TUESDAY, Oct. 5, 2021 (HealthDay News) -- For older adults with hypertension receiving at least one antihypertensive medication at less than the maximum dose, intensification with the addition of a new medication is associated with less intensification sustainability and a slightly larger reduction in mean systolic blood pressure (SBP) than maximizing the dose, according to a study published online Oct. 5 in the Annals of Internal Medicine.
Carole E. Aubert, M.D., from Bern University Hospital in Switzerland, and colleagues examined the frequency of intensification by adding a new medication versus maximizing the dose in a large-scale, population-based retrospective cohort study. Data were included for veterans aged 65 years or older with hypertension, SBP of at least 130 mm Hg, and at least one antihypertensive medication at less than the maximum dose. Among 178,562 patients, 25.5 and 74.5 percent had intensification by adding a new medication and maximizing the dose, respectively.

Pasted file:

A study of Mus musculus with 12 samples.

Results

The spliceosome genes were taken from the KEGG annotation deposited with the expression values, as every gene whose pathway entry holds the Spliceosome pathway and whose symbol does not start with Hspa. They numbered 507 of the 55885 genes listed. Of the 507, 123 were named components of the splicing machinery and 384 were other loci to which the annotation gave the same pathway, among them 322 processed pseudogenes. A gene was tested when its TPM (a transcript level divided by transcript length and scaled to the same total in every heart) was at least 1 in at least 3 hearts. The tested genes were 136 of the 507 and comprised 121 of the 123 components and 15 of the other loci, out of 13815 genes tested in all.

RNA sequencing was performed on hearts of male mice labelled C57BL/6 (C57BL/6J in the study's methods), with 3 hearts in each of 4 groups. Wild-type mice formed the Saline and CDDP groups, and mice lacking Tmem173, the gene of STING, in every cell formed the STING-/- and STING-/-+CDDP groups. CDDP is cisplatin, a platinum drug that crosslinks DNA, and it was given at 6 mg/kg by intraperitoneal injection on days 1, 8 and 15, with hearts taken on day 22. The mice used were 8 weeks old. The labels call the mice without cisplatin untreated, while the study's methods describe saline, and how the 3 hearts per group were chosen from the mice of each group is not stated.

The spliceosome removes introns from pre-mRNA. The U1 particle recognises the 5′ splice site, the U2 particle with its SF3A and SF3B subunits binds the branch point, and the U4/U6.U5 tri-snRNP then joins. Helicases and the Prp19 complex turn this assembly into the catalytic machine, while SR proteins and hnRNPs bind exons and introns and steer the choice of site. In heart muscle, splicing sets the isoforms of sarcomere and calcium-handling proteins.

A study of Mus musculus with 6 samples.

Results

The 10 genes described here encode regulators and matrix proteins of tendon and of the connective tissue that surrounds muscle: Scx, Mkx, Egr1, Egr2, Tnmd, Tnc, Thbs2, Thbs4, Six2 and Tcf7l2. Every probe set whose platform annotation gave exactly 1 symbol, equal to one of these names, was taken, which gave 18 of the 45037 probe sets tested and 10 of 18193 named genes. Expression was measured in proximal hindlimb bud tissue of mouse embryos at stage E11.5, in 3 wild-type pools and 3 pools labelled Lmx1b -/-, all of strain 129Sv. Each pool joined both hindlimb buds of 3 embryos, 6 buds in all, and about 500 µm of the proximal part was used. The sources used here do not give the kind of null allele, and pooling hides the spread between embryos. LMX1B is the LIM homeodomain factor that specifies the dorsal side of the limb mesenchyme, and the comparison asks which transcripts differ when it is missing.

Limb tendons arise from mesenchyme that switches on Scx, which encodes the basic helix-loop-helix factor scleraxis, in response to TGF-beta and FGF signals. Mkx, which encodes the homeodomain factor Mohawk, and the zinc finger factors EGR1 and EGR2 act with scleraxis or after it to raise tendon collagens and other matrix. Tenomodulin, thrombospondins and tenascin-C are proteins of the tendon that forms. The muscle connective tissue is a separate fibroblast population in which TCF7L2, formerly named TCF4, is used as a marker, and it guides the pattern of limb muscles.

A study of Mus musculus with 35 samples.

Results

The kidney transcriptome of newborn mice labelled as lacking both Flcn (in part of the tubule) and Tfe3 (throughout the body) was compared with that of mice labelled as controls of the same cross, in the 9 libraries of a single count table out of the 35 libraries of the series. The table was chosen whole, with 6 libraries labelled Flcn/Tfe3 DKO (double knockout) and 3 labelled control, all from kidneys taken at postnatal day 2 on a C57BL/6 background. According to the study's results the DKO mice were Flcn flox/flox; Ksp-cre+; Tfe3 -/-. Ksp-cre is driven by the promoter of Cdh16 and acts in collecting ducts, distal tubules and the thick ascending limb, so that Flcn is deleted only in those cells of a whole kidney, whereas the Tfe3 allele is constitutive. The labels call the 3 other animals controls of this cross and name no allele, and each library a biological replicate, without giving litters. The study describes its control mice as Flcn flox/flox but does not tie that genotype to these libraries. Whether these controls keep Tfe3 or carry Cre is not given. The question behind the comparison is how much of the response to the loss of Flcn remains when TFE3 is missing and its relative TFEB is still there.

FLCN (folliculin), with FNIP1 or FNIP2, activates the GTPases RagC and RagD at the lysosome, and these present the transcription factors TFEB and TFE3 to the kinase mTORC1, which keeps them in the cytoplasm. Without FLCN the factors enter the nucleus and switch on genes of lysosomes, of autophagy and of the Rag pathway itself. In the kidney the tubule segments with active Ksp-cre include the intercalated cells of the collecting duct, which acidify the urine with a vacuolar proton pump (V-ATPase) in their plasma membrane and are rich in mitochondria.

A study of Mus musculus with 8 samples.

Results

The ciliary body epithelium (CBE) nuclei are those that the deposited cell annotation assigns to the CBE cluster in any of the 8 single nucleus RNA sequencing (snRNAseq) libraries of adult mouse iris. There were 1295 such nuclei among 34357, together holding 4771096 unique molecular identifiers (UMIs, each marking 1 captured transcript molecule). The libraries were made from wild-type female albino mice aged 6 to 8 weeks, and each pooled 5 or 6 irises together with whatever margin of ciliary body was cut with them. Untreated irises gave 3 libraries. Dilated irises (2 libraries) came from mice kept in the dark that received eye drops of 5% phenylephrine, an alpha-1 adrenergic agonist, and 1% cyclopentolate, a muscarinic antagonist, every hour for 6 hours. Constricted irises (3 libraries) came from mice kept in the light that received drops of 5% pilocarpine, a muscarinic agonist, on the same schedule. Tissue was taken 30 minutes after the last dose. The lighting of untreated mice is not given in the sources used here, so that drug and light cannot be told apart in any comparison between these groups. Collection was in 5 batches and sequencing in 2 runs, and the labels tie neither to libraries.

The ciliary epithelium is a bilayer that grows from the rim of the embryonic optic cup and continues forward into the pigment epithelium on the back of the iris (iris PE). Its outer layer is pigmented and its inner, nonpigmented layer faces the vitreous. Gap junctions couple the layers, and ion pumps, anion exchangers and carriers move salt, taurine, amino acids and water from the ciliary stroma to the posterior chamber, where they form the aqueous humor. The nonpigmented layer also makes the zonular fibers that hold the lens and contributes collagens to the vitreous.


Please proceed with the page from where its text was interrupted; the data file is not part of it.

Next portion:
The researchers found that at three months and 12 months, adding a new medication was associated with less intensification sustainability (average treatment effect, −15.2 and −15.1 percent, respectively) and a larger reduction in mean SBP (−0.8 and −1.1 mm Hg, respectively) compared with maximizing the dose.
"Adding a new medication was associated with greater SBP reduction but less frequent sustained intensification, possibly suggesting that adverse drug events might be more common or patients less willing to take additional medications," the authors write.